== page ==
TORONTO - Ex-marine John Keller says he wasn't trying to be a hero when he used a kayak, a hotwired boat and an air mattress — along with his smarts and brawn — to fend off thugs and save more than 200 people in his New Orleans apartment building during Hurricane Katrina.
"I really didn't think about what I was doing, I was just doing it," the six-foot-seven, 260-pound New Orleans native said in a recent telephone interview.
"I didn't really think about it until I read the paper and it listed blow by blow what I did. I was like, 'Damn, I didn't really think I was doing all this.'"
Keller's Herculean story is one of two in the first episode of Proper Television's new series "Hardcore Heroes," which premieres Monday at 8 p.m. ET on History.
Sony Pictures Entertainment and Overbrook Entertainment have also obtained the rights to his story for a film that's set to star Will Smith. Producer Adetoro Makinde co-wrote the movie, which is titled "American Can" and is due to start production next year.
"I think the most beautiful thing about it is, if Will Smith plays me in one weekend in front of 19 million people around the world, people will know what happened in New Orleans and it will definitely shine a big, bright light on the Hurricane Katrina event," said Keller.
"It'll reach the masses with Will Smith, that's for sure."
As "Hardcore Heroes" shows, the former Reconnaissance Marine was living in American Can Apartments when Katrina hit on Aug. 29, 2005. The 45-year-old had ignored evacuation orders because he'd never fled from a hurricane before and figured the building would be fine.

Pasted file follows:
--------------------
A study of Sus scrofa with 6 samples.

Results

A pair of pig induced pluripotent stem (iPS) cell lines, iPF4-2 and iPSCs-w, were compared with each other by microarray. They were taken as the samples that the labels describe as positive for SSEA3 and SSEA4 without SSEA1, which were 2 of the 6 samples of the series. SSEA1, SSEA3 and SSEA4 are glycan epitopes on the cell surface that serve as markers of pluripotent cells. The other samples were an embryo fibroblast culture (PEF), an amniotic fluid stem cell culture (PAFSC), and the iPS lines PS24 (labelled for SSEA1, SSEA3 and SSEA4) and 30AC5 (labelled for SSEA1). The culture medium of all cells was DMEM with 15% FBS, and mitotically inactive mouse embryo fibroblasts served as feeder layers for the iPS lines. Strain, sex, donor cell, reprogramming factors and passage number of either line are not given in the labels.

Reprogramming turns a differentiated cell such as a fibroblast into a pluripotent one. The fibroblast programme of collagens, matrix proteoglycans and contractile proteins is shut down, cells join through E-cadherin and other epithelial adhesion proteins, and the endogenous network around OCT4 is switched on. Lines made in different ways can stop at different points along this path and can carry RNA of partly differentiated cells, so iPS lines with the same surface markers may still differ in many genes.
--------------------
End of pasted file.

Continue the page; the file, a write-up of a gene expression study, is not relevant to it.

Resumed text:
"Plus I'm a carpenter, so I had my chainsaws and all that stuff," said Keller. "So when the storm hits you go out and you clear off the debris off people's houses and you make some money in the process."
But when the levees broke, about three metres of water surrounded the building and residents couldn't get out.
Keller sprung into action when looters kicked in his door.
After taking down the thugs on his own, he paddled a neighbour's kayak through treacherous waters for several hours to try to find loved ones. He then returned to the building and took down more gun-toting thugs, swam to get food, supplies and medicine for neighbours, and convinced a military evacuation chief to help some residents.
He also put ailing neighbours on an air mattress and swam them to an evacuation zone, carried those in wheelchairs to rescue choppers on the roof, and hotwired a boat to get other residents to a rescue embankment.
"An old man told me, 'Young blood, you could've died doing all that stuff,'" he said. "I said, 'Well I never thought about that.'"
Keller thinks his efforts — which unfolded over several days — pale in comparison to what many members of the military go through in war zones.
"Compared to the Desert Storm/Desert Shield events, that was nothing," he said. "Like, I didn't have 400 people shooting AK-47s at me, I didn't have road-side bombs, I didn't have insurgents."
Still, he concedes he was a natural-born leader.
"Like they say, if you don't bite when you're a puppy, you won't bite when you're a dog," he said. "I went to boarding school because I didn't listen to my mom.
"I always did my own thing, I guess."
Keller still lives in the same building, but Katrina taught him to evacuate any hurricane over a Category 2.
He hasn't seen the episode of "Hardcore Heroes" on him yet, but he figures he'll probably "be crying like a baby" when he does and hears the praise his neighbours have for him.
"It's like they hold John Keller in a higher regard than I hold myself," he said.
As for the upcoming movie on his story, Keller said he's met Smith several times now.
He's hoping the movie will tell a bigger story than just his.
"Adetoro, when she first acquired my life rights, she said, 'When I tell this story, what do you want me to do, what do you want me to say, what do you want this do to?'
"I said, 'I want you to tell the world how America treated its citizens on that day in New Orleans,' and in her script she did that."